It’s been quite rainy here in Portland, but I can’t pass up the opportunity to capitalize on frugality in the garden. This is one of the best times of the year to get something for nothing – or, in other words, dividing perennials. And we all know how I love free!

The upper layers of my urban food forest have been thoroughly planted with fruiting tree, shrubs, vines and small bushes. But the ground cover and small herbaceous plants are still needed to fill in the holes. Including ground covers will reduce the opportunity for weeds to sprout, encourage beneficial insects into the landscape, provide habitat to bird and other insects, etc. It’s also just a sign of a mature landscape not to have gaping holes here and there. This past year I filled the area in with annuals, like fava beans, but I can make a little headway getting perennials in right now by dividing the existing ones.

My lamb’s ear gets bigger and bigger every year, so I dug up several roots from small plants. This tamed the plant back quite a ways, but also gave me about ten new lamb’s ear starts to plant around. The plant is very low maintenance in general, adds an interesting grey-silvery foliage to the canvas, keeps it’s foliage all winter, and the bees seem to love the pink flowers that bloom in the summer. Gently digging up an area of the plant allows you to see the mini starts and gently pull them away from the plant. The rest of the plant just gets reburied as if you were never there.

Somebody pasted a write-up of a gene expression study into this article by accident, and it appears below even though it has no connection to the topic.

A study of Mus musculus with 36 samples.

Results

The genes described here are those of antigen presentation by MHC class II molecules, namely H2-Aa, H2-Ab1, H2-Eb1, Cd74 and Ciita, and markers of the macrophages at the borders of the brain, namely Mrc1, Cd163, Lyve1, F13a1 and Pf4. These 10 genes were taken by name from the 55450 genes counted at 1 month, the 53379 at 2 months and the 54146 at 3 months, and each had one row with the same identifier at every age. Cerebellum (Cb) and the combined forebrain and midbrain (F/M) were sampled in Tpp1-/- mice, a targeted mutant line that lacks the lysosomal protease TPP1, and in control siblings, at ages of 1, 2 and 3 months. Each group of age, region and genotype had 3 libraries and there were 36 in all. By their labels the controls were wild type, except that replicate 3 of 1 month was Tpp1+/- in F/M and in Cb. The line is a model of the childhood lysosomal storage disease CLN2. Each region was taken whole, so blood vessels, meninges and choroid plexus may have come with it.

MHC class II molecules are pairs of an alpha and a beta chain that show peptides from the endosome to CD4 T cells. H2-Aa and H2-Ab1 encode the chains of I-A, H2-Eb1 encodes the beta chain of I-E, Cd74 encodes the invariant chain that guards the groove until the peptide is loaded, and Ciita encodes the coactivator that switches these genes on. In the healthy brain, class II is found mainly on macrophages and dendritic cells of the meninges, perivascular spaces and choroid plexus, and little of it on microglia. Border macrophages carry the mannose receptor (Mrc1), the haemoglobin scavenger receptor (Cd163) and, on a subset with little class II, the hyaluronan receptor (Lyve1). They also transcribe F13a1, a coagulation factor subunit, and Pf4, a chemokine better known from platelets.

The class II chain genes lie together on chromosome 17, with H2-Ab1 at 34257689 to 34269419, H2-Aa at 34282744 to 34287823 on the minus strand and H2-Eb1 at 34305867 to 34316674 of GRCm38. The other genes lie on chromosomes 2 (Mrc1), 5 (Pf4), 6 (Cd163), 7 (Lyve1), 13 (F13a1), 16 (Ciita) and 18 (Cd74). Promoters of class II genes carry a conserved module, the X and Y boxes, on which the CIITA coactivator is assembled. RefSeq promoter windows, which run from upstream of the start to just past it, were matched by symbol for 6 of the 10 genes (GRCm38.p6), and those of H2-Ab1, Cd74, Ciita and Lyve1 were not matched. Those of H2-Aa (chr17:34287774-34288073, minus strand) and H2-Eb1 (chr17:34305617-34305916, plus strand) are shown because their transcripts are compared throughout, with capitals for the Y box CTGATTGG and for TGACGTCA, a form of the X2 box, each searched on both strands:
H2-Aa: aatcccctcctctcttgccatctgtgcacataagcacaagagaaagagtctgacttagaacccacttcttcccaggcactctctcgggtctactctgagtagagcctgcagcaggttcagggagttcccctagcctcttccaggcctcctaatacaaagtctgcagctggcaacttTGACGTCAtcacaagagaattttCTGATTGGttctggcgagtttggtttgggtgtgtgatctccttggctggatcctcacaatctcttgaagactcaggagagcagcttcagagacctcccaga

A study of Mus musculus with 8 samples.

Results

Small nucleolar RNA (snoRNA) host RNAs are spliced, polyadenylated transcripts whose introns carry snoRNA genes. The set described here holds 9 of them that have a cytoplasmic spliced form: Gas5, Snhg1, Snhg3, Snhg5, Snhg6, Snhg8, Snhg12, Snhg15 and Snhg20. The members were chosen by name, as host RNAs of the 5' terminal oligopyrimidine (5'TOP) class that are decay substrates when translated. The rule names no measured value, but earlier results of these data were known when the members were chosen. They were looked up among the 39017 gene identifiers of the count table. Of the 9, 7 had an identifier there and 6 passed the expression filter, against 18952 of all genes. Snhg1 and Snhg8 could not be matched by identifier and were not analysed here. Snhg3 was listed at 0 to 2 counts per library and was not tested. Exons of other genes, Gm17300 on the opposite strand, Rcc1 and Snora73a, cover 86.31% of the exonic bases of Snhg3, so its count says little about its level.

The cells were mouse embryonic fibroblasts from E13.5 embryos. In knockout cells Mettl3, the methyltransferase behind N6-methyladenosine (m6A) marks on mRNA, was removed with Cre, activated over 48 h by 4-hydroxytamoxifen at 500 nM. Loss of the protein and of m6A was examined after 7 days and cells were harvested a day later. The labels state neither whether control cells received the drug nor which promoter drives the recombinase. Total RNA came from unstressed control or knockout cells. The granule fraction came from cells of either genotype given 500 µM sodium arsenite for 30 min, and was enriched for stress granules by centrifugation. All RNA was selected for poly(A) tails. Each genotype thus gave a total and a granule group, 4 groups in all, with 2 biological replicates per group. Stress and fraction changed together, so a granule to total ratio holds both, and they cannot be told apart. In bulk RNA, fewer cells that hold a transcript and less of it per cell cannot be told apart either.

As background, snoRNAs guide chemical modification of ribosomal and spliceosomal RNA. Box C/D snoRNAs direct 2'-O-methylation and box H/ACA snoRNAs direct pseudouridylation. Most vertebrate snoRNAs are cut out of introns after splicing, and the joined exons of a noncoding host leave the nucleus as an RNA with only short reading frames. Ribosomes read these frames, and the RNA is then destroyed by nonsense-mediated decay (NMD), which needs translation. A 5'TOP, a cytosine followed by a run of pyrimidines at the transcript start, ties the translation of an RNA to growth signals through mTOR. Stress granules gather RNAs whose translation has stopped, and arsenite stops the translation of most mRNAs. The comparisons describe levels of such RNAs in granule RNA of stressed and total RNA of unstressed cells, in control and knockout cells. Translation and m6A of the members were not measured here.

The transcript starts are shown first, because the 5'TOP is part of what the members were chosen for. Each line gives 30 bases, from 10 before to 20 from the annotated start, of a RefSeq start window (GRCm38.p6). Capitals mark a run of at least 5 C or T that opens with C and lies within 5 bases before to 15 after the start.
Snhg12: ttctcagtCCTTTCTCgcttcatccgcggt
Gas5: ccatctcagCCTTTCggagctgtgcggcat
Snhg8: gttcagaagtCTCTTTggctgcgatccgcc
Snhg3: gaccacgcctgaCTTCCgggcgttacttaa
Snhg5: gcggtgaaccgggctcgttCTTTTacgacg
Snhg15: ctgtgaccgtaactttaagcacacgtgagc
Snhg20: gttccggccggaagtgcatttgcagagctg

My second conquest was some native violet that was in our garden when we moved in – perhaps the only thing other than grass here. They stay green as well through the winter and are very compact, growing low to the ground. The purple flowers bloom Spring-Fall, or at least mine bloom into the Fall.

Others followed, like artichokes, chamomile, some herbs. Doing this work now will give me a head start on next year’s garden. When those first warm sunny days come out next Spring, these guys will all be ready and waiting. There might come a day when I want to spend money on adding new perennials, but these prolific buggers will help cover the open spots while I wait for that endless gardening budget.

Hurray for getting about 50 new plants without spending a penny!